My mother was a very good cook, big on brisket and chicken dinners, but she never showed any interest in teaching me how to prepare meals alongside her. I guess she figured I'd learn by myself when I got older— more likely, she didn't think about it at all.
She spent her long days doing housewifery tasks, which included making three meals a day for her family, and I never heard her object. She made sure to have homemade snacks ready when my sister, brother and I came in from school, and I imagine the last thing she wanted or needed was to take precious minutes out of her crammed, relentless day to help a little girl learn how to peel potatoes or sift flower or roast a chicken.
For my part, I was horrified by what I perceived to be the drudgery of my mother's life (not that I would have thought to offer her a hand). The last thing I wanted was to become domestic like her. Her life seemed tedious and self-sacrificing, and that didn't appeal to me in the slightest.
When I went out on my own as a young adult, I taught myself — or learned from friends — some basic cookery so I could survive. I learned how to scramble eggs, make French toast, boil pasta, stir-fry veggies, and grill chicken and fish. That was it, more or less, and that was enough. My microwave became my best friend — way to go, instant oatmeal and mashed potatoes.
I married a man after my own heart. Together, we dutifully stir-fried veggies in our wok, and opened a lot of cans. We ordered takeout and dined in restaurants (often just the local Greek diner) as often as we could afford to. When friends and family had us over for elaborate meals, we were in awe of their creativity in the kitchen but never imagined ourselves doing the same. We were content with our food lives, never dreaming of more.
Then we became the parents of a daughter, and I suddenly realized my inadequacies in the kitchen. Now I felt bad that I was never the one in my family hosting Thanksgiving, and thus passing the tradition on to my daughter. Occasionally, she and I baked cupcakes from a packaged mix, and I was thrilled that we were at least cracking eggs over a bowl together. Sometimes we made peanut butter and jelly sandwiches or grilled cheese together.
And then, as a family, we three serendipitously discovered cooking/reality TV shows one evening while we were idly flipping channels. We instantly fell in love with the cooking competition shows, our favorites being "Chopped" and "Top Chef," in which chefs compete for prizes as a panel of judges debate the merits of the dishes they've just whipped up, often out of very strange ingredients.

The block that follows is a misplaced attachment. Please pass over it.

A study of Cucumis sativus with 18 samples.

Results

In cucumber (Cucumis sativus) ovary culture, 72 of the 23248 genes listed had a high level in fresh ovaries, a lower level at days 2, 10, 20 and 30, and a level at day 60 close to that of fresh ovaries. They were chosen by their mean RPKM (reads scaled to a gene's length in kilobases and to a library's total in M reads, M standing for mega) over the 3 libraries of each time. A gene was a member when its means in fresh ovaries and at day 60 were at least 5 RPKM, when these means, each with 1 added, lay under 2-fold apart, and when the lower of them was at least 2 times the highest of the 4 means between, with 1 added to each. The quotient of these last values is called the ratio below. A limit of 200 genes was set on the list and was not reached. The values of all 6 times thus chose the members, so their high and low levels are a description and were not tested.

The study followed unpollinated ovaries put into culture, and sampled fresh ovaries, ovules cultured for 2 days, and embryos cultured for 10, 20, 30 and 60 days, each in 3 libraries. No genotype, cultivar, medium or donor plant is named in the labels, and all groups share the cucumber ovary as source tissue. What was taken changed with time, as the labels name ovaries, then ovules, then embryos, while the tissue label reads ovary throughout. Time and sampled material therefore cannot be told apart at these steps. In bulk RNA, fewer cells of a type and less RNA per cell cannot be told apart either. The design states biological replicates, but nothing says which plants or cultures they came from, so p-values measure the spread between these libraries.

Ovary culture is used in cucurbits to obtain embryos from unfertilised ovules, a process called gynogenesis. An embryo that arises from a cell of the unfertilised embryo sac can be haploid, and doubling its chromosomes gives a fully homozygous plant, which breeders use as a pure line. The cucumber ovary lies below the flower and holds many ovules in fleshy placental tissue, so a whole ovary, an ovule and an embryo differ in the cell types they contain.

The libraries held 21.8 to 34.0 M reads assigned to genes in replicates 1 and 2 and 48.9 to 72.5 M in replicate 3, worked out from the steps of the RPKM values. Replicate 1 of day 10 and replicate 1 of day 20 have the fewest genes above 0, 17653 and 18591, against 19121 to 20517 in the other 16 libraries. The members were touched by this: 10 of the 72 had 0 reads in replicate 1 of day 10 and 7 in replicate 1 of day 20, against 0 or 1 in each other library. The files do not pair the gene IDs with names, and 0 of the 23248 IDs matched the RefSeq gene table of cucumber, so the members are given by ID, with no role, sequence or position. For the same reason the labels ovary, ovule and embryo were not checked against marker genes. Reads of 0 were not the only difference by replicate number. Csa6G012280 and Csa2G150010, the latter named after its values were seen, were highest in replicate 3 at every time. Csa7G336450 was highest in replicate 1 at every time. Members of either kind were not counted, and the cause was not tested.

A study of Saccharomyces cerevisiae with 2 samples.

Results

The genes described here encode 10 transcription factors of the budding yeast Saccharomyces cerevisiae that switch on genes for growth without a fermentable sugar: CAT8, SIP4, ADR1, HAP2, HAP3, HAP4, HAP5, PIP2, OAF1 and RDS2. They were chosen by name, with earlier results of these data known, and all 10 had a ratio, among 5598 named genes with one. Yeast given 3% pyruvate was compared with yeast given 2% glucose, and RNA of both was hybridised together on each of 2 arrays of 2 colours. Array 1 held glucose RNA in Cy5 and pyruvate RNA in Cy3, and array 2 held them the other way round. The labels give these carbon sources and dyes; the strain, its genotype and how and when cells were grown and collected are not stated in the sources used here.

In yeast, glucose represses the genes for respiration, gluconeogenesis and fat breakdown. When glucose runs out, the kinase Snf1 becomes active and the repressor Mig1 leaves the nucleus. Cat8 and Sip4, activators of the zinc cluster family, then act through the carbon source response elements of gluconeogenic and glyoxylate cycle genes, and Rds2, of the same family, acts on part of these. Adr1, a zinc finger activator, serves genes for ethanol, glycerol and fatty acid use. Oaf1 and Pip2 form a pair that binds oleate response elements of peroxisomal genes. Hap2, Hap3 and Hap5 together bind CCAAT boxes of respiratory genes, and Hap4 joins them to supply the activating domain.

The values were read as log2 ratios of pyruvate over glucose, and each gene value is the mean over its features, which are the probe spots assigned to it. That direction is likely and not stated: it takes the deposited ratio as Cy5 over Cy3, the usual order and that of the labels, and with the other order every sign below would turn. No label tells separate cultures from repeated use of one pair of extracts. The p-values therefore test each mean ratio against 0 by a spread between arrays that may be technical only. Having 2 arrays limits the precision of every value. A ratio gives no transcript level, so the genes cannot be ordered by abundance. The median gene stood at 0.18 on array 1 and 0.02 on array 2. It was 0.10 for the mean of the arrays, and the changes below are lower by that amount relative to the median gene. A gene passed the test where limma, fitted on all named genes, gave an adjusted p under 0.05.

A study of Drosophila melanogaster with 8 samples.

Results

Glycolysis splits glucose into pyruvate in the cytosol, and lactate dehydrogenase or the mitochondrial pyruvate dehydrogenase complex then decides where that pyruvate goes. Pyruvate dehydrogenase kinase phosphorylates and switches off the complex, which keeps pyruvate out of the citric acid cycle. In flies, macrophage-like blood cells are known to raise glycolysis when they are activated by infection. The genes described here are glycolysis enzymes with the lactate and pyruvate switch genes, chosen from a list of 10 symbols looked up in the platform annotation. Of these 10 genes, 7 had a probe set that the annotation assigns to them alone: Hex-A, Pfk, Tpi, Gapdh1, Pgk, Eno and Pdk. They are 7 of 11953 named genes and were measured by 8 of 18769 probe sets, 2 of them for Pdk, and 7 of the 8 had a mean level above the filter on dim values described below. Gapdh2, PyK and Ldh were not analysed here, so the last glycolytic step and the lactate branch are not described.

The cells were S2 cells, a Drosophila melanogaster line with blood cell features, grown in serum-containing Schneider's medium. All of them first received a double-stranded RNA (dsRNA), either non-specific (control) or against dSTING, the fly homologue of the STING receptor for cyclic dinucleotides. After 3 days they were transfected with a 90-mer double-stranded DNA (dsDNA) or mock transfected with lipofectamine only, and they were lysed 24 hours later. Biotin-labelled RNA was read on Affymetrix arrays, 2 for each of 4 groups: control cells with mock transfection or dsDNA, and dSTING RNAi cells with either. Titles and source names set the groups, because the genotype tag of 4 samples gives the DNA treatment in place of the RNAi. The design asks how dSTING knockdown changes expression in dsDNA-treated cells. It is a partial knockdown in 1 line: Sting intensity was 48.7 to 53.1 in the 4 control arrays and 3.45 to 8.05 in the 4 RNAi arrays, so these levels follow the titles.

Initially, it was just the excitement of seeing who lost and who won that captivated us, as well as the highly opinionated and wonderfully witty judges, but gradually it became the food itself, and the process of the chefs making it, that drew us in just as much. We watched all the new episodes and then went back and watched all the previous seasons in their entirety, rooting for our favorite chefs and listening carefully as they described how they had prepared their meals.
We began casually speaking to each other of "amuse-bouches," a term we'd never heard before. We began arranging our food prettily on the plate; I went so far as to cut my daughter's bagel and cream cheese into pieces and arrange it as a flower.
Spices became a huge deal. We now seasoned heavily with turmeric and basil and dill—whatever the dish called for, and we tried to listen to its silent cries for what it needed. We made sure that spices complemented one another and weren't arbitrarily thrown in. No more throwing garlic into everything we cooked because that was the one thing we knew how to do.
My daughter and I began baking together from scratch, which turned out to be a far more joyous (and, OK, slow and messy) experience than using a mix. We marinated fish and left it overnight to soak in the flavor. We made our own marinara sauce instead of relying on Paul Newman.
Cooking together as a family has not only given us each a new creative outlet, but has brought us closer together, and we've gone so far as to invite a few friends over for some low-key dinners and brunches. I'm not ruling out the possibility of our one day hosting Thanksgiving, once we master how to make a delectable turkey that's crisp on the outside and juicy on the inside, along with some sweet, marshmallow-y candied yams that will be to die for. We're working on it.